By Aaron Reiss
By Angelica Leicht
By Dianna Wray
By Aaron Reiss
By Camilo Smith
By Craig Malisow
By Jeff Balke
It's also how most of the men at the center -- as many as half of them undocumented -- view their own fates in the wake of California's overwhelming approval of Proposition 187, which would deny that state's illegal immigrants public benefits, including basic education and health care. Although most of the laborers at the center speak little English and many are barely literate, all of them know what Proposition 187 is, and have thought about how it could touch them in Texas.
Recent arrival Bernard Vasquez, who walked 20 days of a two-month trek here from rural Guatemala, says he empathizes with fellow illegal immigrants in California. "It worries me," admits the 30-year-old Vasquez, a diminutive man wearing a crisp plaid shirt and pinstripe pants painstakingly ironed in the apartment he shares with six other people. "I'm concerned for those people, it doesn't matter if they're family of mine or not. Why should those kids be suffering?"
In addition to cutting off social services, the California initiative also requires educators, health care workers, law enforcement officials and others to report "reasonably suspected" undocumented immigrants to authorities. The array of measures, now mostly blocked by several California courts, has sparked protest from advocacy groups around the country. Last Thursday, Houston's Gulfton Area Neighborhood Association and the Central American Refugee Center joined the outcry, announcing a December 10 rally against the measure.
Echoing other undocumented workers on the bleachers around him, Vasquez says, "All I want is to earn enough to clothe myself, pay my rent and send something home to my family. We'd willingly pay taxes -- undocumenteds as well as documented. It's better to do that than have that happen to us. Better that than getting screwed that way." Listening intently, a fellow (but unrelated) Guatemalan named Romeo Vasquez adds, "One always pays taxes, regardless. Every time you buy a Coca-Cola, any time you pay for anything, you're paying taxes."
Those who backed Proposition 187 in California, however, argued that U.S. citizens should not have to pay their taxes for non-citizens who have already broken the country's laws by entering illegally. According to some estimates, the measure would save California about $200 million, although opponents say enforcing it will cost tens of millions more.
But to many Latinos in Houston, Proposition 187 seems to target the most vulnerable of the undocumented population. At the Gulfton neighborhood's Roy T. Benavidez Elementary, opened three years ago to serve the largely Latino community that lives in the area's numerous apartment complexes, 88 percent of the children are Hispanic. The school is overcrowded, and the area is underserved -- but every child who lives there is still owed an education, says Principal Rose Mary Garza.
Garza says she understands well how taxpayers rebel at the idea of a system so overloaded that their own children's education is harmed. "We have 1,065 kids here already and send about 200 more to other schools," says Garza, whose slightly stern professional demeanor blends with a distinctly maternal accessibility. Ironically, the proposition's success in California may increase the pressure for such a measure in Texas, Garza says. Workers at the Day Labor Center already are reporting the arrival of laborers from California, and Garza speculates that at least one of two immigrant students who moved from California this month might be refugees from Proposition 187.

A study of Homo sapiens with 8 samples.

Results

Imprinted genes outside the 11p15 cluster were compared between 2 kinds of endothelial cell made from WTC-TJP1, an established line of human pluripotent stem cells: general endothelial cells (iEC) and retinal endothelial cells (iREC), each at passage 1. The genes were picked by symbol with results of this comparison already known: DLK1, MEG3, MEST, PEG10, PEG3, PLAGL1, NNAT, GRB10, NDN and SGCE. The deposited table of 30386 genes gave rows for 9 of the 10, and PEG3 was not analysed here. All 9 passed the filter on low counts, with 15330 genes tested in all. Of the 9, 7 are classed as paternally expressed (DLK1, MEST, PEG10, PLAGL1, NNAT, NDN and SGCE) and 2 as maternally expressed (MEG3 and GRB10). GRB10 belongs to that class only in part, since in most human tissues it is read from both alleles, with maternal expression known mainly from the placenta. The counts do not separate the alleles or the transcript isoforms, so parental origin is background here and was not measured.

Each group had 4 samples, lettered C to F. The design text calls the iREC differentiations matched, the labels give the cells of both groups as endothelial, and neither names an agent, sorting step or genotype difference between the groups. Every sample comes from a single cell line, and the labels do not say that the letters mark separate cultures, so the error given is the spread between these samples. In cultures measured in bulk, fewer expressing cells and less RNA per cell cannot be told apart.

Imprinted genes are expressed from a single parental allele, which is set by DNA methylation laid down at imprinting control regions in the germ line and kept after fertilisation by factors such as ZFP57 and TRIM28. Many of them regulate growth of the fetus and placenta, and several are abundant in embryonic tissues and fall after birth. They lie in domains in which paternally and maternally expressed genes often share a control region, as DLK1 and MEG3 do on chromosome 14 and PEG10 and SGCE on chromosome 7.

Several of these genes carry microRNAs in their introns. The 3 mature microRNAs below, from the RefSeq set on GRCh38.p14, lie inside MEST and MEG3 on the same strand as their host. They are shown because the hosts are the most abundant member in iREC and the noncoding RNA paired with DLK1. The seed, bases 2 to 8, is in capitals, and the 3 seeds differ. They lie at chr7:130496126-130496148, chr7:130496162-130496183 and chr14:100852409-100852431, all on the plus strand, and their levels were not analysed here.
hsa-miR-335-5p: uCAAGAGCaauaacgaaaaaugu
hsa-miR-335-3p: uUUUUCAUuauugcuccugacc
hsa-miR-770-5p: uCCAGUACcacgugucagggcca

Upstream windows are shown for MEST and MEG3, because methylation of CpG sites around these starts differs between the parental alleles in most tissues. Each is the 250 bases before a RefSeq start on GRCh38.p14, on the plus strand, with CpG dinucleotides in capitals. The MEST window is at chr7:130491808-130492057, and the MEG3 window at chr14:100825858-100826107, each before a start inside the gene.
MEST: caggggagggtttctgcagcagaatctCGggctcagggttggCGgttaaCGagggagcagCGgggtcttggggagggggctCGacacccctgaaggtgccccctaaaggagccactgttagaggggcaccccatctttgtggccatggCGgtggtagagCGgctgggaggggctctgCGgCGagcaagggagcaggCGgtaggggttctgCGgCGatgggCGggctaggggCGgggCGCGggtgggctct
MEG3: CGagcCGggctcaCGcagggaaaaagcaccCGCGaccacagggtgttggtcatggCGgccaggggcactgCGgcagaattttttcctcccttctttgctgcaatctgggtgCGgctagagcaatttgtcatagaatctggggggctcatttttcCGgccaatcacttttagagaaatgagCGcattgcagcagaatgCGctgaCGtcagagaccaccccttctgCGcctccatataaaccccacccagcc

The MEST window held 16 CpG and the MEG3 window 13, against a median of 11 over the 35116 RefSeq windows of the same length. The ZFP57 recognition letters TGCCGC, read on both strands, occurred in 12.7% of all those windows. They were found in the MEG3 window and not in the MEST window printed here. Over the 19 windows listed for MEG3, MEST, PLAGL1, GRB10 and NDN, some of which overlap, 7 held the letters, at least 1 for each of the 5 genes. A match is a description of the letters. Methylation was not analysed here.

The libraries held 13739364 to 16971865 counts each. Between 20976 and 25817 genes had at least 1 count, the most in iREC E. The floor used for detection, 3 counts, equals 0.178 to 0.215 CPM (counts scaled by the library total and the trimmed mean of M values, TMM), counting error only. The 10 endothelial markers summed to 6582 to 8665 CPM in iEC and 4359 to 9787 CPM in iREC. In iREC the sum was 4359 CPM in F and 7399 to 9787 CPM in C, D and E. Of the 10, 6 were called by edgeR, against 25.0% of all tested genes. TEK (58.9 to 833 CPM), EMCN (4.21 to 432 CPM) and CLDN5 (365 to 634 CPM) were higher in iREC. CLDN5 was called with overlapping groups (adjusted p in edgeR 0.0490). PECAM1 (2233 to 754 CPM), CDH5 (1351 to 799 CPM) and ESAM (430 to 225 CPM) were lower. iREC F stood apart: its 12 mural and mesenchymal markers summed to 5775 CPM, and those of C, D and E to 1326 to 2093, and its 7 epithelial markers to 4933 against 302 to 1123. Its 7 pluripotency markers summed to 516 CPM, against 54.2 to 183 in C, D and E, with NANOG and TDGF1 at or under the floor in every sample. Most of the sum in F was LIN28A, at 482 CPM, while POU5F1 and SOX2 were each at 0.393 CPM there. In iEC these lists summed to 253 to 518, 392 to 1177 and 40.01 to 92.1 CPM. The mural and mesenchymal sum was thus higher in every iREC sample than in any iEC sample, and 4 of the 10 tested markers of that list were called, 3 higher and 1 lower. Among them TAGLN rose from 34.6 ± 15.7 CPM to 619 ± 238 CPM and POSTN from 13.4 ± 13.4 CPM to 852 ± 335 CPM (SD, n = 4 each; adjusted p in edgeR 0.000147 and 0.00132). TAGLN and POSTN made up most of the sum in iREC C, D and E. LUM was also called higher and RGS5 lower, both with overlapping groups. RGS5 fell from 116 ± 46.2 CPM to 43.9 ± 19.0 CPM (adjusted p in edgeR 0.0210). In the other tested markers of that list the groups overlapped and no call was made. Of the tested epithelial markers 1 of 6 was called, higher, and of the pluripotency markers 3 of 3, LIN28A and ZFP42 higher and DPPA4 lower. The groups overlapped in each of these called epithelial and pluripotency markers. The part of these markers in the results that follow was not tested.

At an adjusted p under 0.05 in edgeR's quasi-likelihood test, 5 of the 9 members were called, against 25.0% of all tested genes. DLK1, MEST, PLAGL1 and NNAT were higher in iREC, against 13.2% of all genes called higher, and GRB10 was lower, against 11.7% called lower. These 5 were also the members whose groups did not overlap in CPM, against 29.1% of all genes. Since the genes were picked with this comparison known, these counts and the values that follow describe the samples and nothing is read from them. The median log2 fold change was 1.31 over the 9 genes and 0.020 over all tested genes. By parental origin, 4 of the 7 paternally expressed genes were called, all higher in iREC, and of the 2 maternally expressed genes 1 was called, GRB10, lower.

"I don't want to see any system overburdened, where we can't serve our children successfully," she says. "How far can the system stretch and give to all?"
At the same time, Garza argues, her school is not the place where such questions should be answered. "If anyone's going to be turned away, it should be at the border, not at the schoolhouse. Once they're here, we have to deal with it. I was a principal when Texas first opened up the public schools to all children. They said every child in Texas has a right to an education. If primary school children are turned away from school, it's just going to create a bigger burden later on."
Not all Houston Latinos agree. Josie Herrera, a second-generation Mexican-American property manager who supervises several Gulfton apartment buildings, backs Proposition 187 wholeheartedly. Stopping in at a neighborhood beauty salon with her niece, Herrera says, "I think that without services, fewer illegal immigrants would come here."
Illegal immigrants "abuse the services," she adds. "They come from other countries, and have babies every nine months. I couldn't afford to do that. Then I see how elderly people here who have worked all their lives ask for food stamps and get almost nothing." Cutting off social services, as well as primary and secondary education for immigrants' children, would have negative effects, Herrera acknowledges, but in the long run would discourage other undocumented immigrants from coming here.
But Francisco Lopez, who sits on the board of the Central American Refugee Center (CARECEN), contends that such views just scapegoat immigrants for economic mismanagement at a much higher level. While federal law permits grade school education, emergency medical care and food supplements for undocumented immigrants, "there is this myth that most immigrants come here to get services or welfare," he says. "In reality, the majority of immigrants come to the U.S. to rejoin family members. Others come because U.S. employers need their skills. As many as 95 percent of immigrants, both documented and undocumented, support themselves or are supported by family members."